There have been a lot of trending words and phrases since the start of 2020; words that would not have made complete sense to us just a half a year ago: social distancing, new normal, flattening the curve, 6 feet apart. I believe as we begin to come out of the haze and fog of this Corona Virus, one of the words that may not be talked about often, but needs to be in the forefront of our minds, is the word “assumption”.
Assumption: a thing that is accepted as true or as certain to happen, without proof.
It’s easy to make assumptions, isn’t it? It’s easy to see or hear something and assume we know the whole story and go on our merry way thinking we have all the facts. We accept our perceived reality as actual reality and begin to make judgements based on what we believe happened. And, because we still live in bodies of flesh and battle pride and our own sin each and every day, we are prone to think the worst of others, not the best. We are prone to doubt the motives and actions of others, to not give them the benefit of the doubt. We become judge and jury.
“The one who gives an answer before he listens – this is foolishness and disgrace for him.” (Proverbs 18:13)
Ken Sande (author of The Peacemaker) describes judging as “looking for other’s faults and, without valid and sufficient reason, forming unfavorable opinions of their qualities, words, actions or motives. In simple terms, it means looking for the worst in others.” Not a pretty picture…but one that we have all been guilty of, right? How easy it is to make an assumption, form an opinion and then make a judgment all within the space between our ears and in a matter of seconds. The average brain weighs about 3 pounds…but the effects that our thoughts produce can carry with them a far greater weight, in our own lives and in the lives of others.
Why isn’t she wearing a mask? Did you just see the two of them hug at church? I heard they are still going ahead with that birthday party and there is sure to be more than 10 people there. We’ve been back to church for over a month and I still haven’t seen so-and-so…I bet they are just using the whole virus as an excuse to sleep in on Sundays. Do you know what city they traveled to over the weekend? I can’t believe we are actually singing at church.
“A fool does not delight in understanding, but only wants to show off his opinion.” (Proverbs 18:2)
Over the next few months, many of us will take dips in pools and head to lakes, rivers or any other body of water that we can swim in…but I also fear we are going to be prone to swim in the waters of assumption and judgments this summer, too. And the currents found in these dangerous waters are ones that lead us further away from love and grace, and have the ability to drown friendships and relationships if we are not careful.
Paul exhorts the Colossians in chapter 3 to “put to death what belongs to your earthly nature” and instead “as God’s chosen ones, holy and dearly loved, put on compassion, kindness, humility, gentleness, and patience, bearing with one another and forgiving one another if anyone has a grievance against another. Just as the Lord has forgiven you, so you are also to forgive.” ( Colossians 3:5a, 12-13)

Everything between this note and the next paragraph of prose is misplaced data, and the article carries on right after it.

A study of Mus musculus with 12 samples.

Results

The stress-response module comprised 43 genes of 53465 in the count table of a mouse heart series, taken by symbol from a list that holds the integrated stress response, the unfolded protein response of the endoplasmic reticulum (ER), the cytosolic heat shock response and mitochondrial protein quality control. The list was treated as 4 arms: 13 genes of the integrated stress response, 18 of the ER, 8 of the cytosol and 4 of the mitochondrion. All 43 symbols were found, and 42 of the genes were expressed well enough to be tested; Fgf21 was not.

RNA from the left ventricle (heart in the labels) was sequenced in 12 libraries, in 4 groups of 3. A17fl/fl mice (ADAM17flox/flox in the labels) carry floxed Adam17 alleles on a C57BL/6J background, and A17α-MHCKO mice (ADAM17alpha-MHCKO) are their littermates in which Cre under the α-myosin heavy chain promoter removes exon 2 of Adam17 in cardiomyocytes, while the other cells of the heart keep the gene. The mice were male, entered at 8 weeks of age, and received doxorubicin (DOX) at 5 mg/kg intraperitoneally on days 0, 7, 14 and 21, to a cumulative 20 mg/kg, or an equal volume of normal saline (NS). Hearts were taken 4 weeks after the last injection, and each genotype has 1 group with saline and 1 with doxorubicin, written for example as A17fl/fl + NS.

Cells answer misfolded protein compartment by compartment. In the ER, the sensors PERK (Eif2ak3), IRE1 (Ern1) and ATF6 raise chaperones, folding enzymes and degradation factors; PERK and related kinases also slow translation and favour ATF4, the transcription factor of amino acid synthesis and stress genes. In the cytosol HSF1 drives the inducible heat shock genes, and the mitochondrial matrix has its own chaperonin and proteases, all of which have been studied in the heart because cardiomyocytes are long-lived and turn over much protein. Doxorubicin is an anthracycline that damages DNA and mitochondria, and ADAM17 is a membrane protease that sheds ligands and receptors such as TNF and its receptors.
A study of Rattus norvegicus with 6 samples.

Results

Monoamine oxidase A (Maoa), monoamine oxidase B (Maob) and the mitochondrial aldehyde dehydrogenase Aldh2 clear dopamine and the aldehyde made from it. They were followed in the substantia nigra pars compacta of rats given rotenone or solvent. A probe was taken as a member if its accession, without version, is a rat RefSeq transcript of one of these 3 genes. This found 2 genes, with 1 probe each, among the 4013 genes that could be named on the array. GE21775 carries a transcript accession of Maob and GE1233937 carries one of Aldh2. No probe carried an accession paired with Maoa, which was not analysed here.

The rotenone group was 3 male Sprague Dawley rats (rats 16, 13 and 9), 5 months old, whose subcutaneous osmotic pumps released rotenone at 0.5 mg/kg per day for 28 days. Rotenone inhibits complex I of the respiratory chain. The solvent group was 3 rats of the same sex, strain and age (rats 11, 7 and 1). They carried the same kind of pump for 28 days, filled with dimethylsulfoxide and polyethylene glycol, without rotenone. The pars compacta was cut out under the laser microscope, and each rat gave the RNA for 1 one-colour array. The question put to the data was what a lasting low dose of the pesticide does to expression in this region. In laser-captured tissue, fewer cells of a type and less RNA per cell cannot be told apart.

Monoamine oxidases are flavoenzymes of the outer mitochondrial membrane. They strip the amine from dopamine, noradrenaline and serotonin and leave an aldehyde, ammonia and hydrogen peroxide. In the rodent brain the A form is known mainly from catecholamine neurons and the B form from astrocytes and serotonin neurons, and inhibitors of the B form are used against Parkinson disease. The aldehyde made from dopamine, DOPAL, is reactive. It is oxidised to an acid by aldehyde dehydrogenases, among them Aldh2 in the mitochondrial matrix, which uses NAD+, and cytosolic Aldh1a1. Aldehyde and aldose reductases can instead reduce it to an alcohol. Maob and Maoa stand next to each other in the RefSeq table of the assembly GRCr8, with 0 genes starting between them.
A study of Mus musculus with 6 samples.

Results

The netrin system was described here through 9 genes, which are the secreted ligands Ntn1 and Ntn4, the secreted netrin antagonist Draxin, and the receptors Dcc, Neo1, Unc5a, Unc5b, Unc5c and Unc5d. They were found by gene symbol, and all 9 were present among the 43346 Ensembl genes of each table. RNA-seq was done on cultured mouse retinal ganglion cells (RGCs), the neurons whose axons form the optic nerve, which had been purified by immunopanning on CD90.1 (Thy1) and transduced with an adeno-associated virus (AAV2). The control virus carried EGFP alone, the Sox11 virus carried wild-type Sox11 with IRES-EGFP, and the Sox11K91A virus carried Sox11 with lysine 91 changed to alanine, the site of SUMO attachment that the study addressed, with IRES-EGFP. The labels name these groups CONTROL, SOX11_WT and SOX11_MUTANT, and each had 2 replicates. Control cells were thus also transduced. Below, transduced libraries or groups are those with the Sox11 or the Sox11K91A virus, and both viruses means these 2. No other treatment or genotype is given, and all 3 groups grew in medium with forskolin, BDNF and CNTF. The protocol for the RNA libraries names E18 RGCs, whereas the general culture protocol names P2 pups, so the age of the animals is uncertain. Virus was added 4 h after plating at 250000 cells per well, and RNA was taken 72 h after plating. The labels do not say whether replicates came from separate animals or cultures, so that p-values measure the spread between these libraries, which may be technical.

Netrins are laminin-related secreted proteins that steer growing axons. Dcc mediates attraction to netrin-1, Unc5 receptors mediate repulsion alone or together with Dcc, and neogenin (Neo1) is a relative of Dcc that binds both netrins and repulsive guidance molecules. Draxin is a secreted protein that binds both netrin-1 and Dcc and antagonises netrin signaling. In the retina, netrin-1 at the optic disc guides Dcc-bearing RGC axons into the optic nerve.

There are many things God calls us to “put on” in these verses that need much thoughtful meditation…but one that has been on my heart these past couple of weeks (thanks to a chapter in the book Feminine Appeal) is kindness. Jerry Bridges defines kindness as “a sincere desire for the happiness of others” and he is quick to link goodness to this virtue, as well, defining it as “the activity calculated to advance that happiness.” Two sides of the same coin, so to speak. Kindness is seen in our heart motives and goodness is the overflow of a heart that is considering others as more important than ourselves.
This summer, we will battle issues of the conscience as described in Romans 14. Only it won’t be over food and drink. Instead it will be over things like masks or no masks, parties or no parties, travel or no travel and a host of other decisions that can quickly divide if we allow them to. I pray that as we pursue the heart of Jesus…as we pursue kindness and seek to live out goodness, we might be a blessing to those around us and shine forth the glory of our King.
- be convinced Biblically of why we are doing what we do (Romans 14:5)
- give thanks in all things (Romans 14:6)
- live for the Lord and His glory (Romans 14:8)
- not intentionally put a stumbling block or pitfall in the way of another (Romans 14:13)
- walk according to love and not seek to hurt each other (Romans 14:15)
- pursue what promotes peace and what builds up one another (Romans 14:19)
May we live as ambassadors for Christ and not ourselves (2 Cor. 5:18-21), spreading the aroma of His truth and His character to those around us (2 Cor. 2:14). Let’s work hard to outdo one another in showing honor (Rom. 12:10) and I pray we take our assumptions to the foot of the cross and trust the One who is “the way, the truth and the life” to work out His good purposes through all our preferences and persuasions!